Funny how the Seeking Alpha article never mentions the TV and internet productions making loads of money, or the DVD etc. sales of all their other content. Did they think the name of the company was Lionsgate "Films"?! Can't even say the article was as good as judging a chocolate bar by feeling the wrapper. Expect better from Seeking Alpha.
And great news for NY'ers, "Orange is the New Black" is filmed in Queens NY--more jobs and more work!
Sentiment: Strong Buy
Everywhere you look there's a Lionsgate TV show; I'm constantly amazed to find out--"oh, that's an LGF show too!" So with all that revenue and all the movies for rentals/sales, are we finally ready for some solid income?! Especially with that blood-sucking pesky Icahn gone and not distracting everyone?
He's not just an investor, he's in it for the sport. Bets are, he'll come back swinging in the new year. Don't think he'll want to have wasted all that postage sending me proxies.
They're too busy torturing the SAG folks! But you'd think they would do well with all their TV production going gangbusters, even if movie productions are on hold.
Haven't been around in a long time (drat the working full time), and was also very unpleasantly surprised at the message board change. I did however stumble on a way to view each message in order--like any sane person would want. If you can find your way through the clutter to the upper right corner of the message box (above the stupid picture) where the day/time stamp is, you'll see arrows on either side. Just click on the right one to go forward message by message, and the left one to go back. Whew, what a pain in the...
Just call me Sybil...
Loooong time invester who happens to be a techno-weenie; I've only ever posted under my cat's nickname. Naturally, I screwed up with the second note.
Sorry for the confusion.
Posted: Mon., Nov. 7, 2005, 6:35pm PT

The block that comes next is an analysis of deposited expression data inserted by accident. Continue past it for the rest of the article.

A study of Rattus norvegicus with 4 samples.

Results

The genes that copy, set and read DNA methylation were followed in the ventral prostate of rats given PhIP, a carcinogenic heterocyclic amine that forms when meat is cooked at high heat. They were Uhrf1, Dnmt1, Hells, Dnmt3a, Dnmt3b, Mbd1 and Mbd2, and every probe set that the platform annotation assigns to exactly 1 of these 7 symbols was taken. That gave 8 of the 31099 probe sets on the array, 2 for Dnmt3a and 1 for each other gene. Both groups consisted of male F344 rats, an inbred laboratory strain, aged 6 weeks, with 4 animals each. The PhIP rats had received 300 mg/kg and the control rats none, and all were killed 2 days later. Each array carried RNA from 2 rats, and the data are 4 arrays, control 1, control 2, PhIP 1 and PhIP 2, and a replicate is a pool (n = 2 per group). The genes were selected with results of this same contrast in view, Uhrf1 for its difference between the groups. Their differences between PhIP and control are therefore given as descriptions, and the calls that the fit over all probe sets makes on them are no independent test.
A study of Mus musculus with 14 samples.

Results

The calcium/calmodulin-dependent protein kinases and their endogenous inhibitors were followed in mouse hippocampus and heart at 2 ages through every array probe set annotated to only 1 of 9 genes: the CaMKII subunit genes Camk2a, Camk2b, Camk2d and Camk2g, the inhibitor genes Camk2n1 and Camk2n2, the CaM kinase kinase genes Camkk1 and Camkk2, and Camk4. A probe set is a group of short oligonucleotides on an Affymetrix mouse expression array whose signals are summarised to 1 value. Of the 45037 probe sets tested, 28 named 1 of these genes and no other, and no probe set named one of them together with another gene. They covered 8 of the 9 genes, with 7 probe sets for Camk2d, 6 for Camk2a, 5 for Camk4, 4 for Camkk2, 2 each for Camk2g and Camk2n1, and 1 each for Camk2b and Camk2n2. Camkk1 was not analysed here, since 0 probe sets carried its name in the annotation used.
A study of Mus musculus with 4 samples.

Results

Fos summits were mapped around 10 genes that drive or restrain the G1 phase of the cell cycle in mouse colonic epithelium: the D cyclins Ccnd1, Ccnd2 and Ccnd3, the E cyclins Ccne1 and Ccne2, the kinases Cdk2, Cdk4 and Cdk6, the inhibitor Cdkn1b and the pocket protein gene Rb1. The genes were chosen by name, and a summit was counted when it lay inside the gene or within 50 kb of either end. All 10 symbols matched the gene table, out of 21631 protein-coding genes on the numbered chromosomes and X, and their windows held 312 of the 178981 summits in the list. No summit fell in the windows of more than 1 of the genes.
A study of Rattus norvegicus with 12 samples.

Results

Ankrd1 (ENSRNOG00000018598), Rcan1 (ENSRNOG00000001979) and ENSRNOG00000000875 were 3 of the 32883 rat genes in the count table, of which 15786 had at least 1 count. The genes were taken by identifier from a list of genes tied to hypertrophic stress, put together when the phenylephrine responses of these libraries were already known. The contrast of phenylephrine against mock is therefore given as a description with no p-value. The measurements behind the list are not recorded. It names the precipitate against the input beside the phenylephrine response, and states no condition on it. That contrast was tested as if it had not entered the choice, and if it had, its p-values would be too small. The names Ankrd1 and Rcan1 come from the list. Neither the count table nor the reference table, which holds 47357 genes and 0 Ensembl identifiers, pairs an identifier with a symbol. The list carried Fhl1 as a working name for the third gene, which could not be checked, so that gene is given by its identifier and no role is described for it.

Gate's niche pix golden
'Antistudio' business booming
By ELIZABETH GUIDER
NEW YORK -- Billing itself as "the antistudio," Lions Gate has methodically built a business by exploiting such niches as horror, teen comedies and urban-artsy pics as well as cable TV dramas like "The Dead Zone," fitness videos and Barbie products.
"We will have had five hits in 2005, including three franchises -- in 'Saw,' 'Punisher' and 'Diary of a Mad Black Woman,' " vice chairman Michael Burns told a group of investors Monday at the Harris Nesbitt Media and Entertainment Conference in Manhattan.
Just 10 days ago, in Lions Gate's best movie opening ever, "Saw II" showed how that alternative strategy can pay off.
The scary movie cost $5 million to make (of which 70% was covered in pre-sales) and $20 million to market. It grossed $30.5 million the first weekend and $17 million in the second. DVD will do the rest.
The company's latest horror click is just one instance of the calculatedly conservative approach the company has taken in playing the indie game in Hollywood.
Speaking at the conference two days before the company announces third quarter results, Burns called business "robust."
Even so, Harris Nesbitt senior research analyst Jeffrey Logsdon pointed out, there is an unprecedented disconnect between the muscular performance of many media companies and the lack of enthusiasm for those companies on Wall Street.
"Never in 20 years have the sentiment and stock performance so diverged from fundamentals," Logsdon told the conference participants in kicking off the two-day confabconfab.
"We think the health of the entertainment industry is pretty strong. We don't believe these kinds of (stock) discounts are warranted. Maybe one has to be more select, but there is money to be made," Logsdon argued.
Harris Nesbitt is the U.S. investment arm of BMO Financial Group and services middle market companies in a dozen industry sectors, including media and communications.
'Vomitorium' is actually a real word. The tunnel entryways from a lobby into a theatre's or stadium's stage area are called vomitoria.
Theatrical lore has it that nervous actors would run out, vomit, come back--and on with the show. But Dictionary.com explains: "in a theater or stadium, esp. ancient, a passageway leading to and from the seating; from Latin vomitorius, alluding to the path's discharging of the spectators"
Ebert: an in-the-know kind of theatre guy.
Lawn chair flight of fancy.
Consolation prize since I did not get to see Danny Deckchair?